Hawaii Reports Fewest Honey Bee Deaths in the U.S.

Bumble bee pollinating an organic Hawaii Passion Fruit flower (Lilikoi) on a Maui organic farm

The latest national survey of U.S. beekeepers across all states concluded that on average there was a 42.1% loss of honeybees in their colonies in the U.S. The length of survey was one year and it was conducted by the Bee Informed Partnership from April 2014 to April 2015.

Hawaii beekeepers that participated in the survey reported the smallest loss of bees in the U.S. at 13.95%, while the largest loss reported was in Oklahoma with a 63% loss of honeybees.

Map showing Colony Collapse Disorder of honeybees by state

Click the map above or here to find out how your state ranked in honey bee loss

On January 6, 2016 the EPA (U.S. Environmental Protection Agency) announced that a certain type of neonicotinoid chemical called Imidacloprid can be harmful to honeybees. This toxic chemical was originally produced by Bayer CropScience under trade name Gaucho and is one of the most popular insecticides in the world.

Researchers believe that these agricultural chemicals lead to the death of bees know scientifically as the Colony Collapse disorder. There has been a big social awareness push to ban these bee killing chemicals in agriculture, backyard, lawn and garden stores especially Lowe’s and Home Depot, since they are the biggest national retail chains.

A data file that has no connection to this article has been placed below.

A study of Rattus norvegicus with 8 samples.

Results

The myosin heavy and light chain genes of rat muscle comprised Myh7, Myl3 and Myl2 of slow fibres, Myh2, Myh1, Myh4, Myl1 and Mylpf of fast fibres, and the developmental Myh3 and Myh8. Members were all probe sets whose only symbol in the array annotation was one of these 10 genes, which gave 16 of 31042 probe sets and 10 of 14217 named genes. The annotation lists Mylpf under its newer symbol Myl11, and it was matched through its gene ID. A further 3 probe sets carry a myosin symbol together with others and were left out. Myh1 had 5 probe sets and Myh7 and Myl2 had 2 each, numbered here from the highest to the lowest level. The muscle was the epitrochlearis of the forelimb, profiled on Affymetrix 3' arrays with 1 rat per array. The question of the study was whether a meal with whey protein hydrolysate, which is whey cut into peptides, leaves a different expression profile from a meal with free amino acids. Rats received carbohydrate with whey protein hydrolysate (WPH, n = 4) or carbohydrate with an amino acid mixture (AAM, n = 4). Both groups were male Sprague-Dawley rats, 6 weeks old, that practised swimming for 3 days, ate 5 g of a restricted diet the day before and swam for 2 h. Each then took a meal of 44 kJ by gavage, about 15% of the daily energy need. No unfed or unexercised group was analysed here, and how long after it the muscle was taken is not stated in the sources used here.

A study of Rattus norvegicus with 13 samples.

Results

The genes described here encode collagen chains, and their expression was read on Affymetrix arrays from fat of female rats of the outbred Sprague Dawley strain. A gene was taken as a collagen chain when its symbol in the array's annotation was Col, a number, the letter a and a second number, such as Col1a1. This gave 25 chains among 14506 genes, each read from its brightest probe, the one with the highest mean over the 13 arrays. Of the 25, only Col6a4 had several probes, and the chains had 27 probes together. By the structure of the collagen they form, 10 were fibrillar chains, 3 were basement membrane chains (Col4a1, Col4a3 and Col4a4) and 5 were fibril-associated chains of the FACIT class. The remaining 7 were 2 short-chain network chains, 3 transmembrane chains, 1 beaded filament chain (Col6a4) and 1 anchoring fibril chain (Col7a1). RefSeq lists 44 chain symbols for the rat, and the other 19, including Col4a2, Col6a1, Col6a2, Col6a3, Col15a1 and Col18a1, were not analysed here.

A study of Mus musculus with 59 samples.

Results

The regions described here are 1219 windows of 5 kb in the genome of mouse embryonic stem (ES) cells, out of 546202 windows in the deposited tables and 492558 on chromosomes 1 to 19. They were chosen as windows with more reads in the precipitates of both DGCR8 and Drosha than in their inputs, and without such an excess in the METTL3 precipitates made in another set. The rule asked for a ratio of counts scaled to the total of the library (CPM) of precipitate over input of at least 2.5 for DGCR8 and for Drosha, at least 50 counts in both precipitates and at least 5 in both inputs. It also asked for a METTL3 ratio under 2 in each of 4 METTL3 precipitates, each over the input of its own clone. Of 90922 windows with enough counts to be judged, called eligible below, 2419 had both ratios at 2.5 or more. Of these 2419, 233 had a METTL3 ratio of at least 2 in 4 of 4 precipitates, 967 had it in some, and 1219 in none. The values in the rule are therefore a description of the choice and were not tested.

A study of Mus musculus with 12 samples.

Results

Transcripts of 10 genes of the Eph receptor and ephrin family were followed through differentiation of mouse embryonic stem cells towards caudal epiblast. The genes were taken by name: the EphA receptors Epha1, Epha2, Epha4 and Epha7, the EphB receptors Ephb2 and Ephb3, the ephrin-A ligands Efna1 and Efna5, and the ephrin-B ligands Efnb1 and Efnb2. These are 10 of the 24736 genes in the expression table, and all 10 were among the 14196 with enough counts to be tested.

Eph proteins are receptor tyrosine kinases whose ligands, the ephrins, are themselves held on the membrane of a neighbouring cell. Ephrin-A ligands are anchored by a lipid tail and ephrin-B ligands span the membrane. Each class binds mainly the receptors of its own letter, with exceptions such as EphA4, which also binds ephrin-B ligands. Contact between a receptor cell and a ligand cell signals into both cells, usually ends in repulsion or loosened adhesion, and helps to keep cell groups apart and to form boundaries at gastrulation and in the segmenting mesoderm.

Honeybee wearing a gas mask to protect from toxic chemicals, insecticides

To date, Colony Collapse Disorder has killed tens of millions of honeybees and it’s threatening the existence of most of the food that we eat, which relies on the bees and other beneficial insects to pollinate.

Monarch butterflies is another beneficial and beautiful insect that’s been disappearing as a result of toxic insecticides. GMO seed giant Monsanto, the maker of the infamous RoundUp insecticide and genetically engineered Bt Corn, pledged to donate $4 million in 2015 to help save the Monarch butterflies after being blamed for killing them with toxic farming practices.

Honey bee pollinating Noni (Morinda Citrifolia) in Honolulu, Hawaii organic garden

The best solution that humanity can offer to prevent honeybee loss and save the honeybees, Monarch butterflies, and other beneficial insects is to adopt an organic lifestyle, which prohibits the use of synthetic insecticides in farming, toxic chemicals around the house, garden, and elsewhere.